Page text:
Multi-anvil melting experiments at pressures between 16 and 25 GPa and temperatures of 1800-2100oC have been conducted in order to investigate possible alkali fractionation in the early primitive Earth's lower mantle. A sample of M'bale L6 chondrite with additional Na2O and K2O (3 times the original meteorite content) was used as a starting material.  The Na2O/K2O ratio was 7 in the starting material and the Mg#  (Mg# = MgO/(MgO+FeO)) was 0.73. Melting experiments were performed for between 5 and 20 minutes in Re capsules and the quenched samples were analysed using electron microprobe and Raman spectroscopy.

In experimental charges garnet and magnesiowüstite were found above the solidus temperature at pressures from 21 to 25 GPa. Above 23 GPa silicate perovskite and  K-hollandite were also found above the solidus. The abundance of garnet in the runs decreases from 21 to 25 GPa, whereas the abundance of silicate-perovskite increases with increasing pressure from 23 to 25 GPa. The abundance of magnesiowüstite remains fairly constant over the pressure range studied. As shown in Figure 3.3-21, Na2O contents of both garnet and

Fig. 3.3-21: Na2O contents of garnet (Gt), magnesiowüstite (Mw) and silicate perovskite (Pv) as a function of pressure above the L6 chondrite solidus. While majoritic garnet is the dominant host for Na2O at 23 GPa, the concentration reduces with pressure and magnesiowüsite is likely to be the major host above 25 GPa.

perovskite decrease with pressure, while the Na2O content of magnesiowüsite increases. Between 21 and 25 GPa the K2O-contents of silicate-perovskite, garnet and magnesiowüstite are very low (less than 0.1 wt.%), although the bulk starting material contains 0.4 wt.% K2O.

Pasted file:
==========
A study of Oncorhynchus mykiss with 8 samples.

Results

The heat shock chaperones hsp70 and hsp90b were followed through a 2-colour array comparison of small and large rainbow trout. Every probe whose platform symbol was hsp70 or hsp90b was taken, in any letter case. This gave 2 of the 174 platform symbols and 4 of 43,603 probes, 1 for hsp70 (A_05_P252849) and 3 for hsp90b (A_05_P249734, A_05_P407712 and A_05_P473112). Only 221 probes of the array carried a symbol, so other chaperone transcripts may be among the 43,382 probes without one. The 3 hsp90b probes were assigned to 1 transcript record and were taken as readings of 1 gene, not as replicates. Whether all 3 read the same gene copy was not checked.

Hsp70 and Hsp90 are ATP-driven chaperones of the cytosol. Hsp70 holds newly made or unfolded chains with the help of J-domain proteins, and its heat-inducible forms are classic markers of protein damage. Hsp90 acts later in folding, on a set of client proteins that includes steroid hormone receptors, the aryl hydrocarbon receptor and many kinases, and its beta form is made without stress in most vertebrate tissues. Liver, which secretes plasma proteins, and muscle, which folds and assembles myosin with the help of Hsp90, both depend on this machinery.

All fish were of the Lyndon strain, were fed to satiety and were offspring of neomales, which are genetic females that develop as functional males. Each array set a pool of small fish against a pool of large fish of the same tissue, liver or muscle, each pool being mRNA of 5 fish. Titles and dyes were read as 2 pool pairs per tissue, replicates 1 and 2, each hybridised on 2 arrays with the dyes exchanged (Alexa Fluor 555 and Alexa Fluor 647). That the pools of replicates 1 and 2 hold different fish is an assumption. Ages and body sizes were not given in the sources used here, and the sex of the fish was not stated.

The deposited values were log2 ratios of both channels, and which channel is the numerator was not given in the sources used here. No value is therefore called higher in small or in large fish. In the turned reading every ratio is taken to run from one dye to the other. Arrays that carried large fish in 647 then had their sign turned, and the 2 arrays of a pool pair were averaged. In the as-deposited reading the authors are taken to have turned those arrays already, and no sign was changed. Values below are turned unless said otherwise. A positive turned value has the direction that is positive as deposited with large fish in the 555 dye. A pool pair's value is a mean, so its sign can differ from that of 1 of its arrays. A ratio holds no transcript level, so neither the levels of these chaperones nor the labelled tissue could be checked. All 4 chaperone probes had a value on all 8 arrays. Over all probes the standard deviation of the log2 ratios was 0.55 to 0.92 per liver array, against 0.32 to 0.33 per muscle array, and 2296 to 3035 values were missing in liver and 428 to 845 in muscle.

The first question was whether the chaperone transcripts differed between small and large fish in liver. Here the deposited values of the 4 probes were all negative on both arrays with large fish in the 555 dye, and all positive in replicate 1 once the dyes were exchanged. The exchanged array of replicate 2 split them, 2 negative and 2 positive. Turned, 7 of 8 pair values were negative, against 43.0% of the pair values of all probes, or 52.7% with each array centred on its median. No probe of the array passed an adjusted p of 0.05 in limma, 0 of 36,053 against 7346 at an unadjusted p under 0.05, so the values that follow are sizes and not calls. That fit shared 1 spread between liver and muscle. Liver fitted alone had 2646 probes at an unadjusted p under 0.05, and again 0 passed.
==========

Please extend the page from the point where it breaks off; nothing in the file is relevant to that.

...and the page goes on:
The results indicate that the phases garnet, magnesiowüstite and perovskite are likely to be the major carriers of sodium in the mantle at pressures between 21 and 25 GPa. Na-concentrations in garnet and perovskite decrease with increasing pressure, but the capacity for magnesiowüstite to contain Na seems to increase with pressure. Magnesiowüstite may therefore become the major host for Na in the deep mantle (Fig. 3.3-21). Silicate-perovskite, garnet and magnesiowüstite do not, however, contain significant K. Below 23 GPa K is partitioning into the silicate melt phase and above 23 GPa it is present mainly in  K-hollandite. We did, however, find some very tiny K-rich phases often as inclusions in other minerals. Many of these spots were less than 3 µm and too small for quantitative microprobe analysis and phase identification. We are currently investigating these small grains. The results of this study suggest that during crystallisation of a magma ocean at the top of the lower mantle, Na would be removed from the melt by garnet and magnesiowüsite while crystallisation of K-hollandite would remove K. This raises the possibility that differential settling of these various minerals could have led to K and Na fractionation in the early mantle.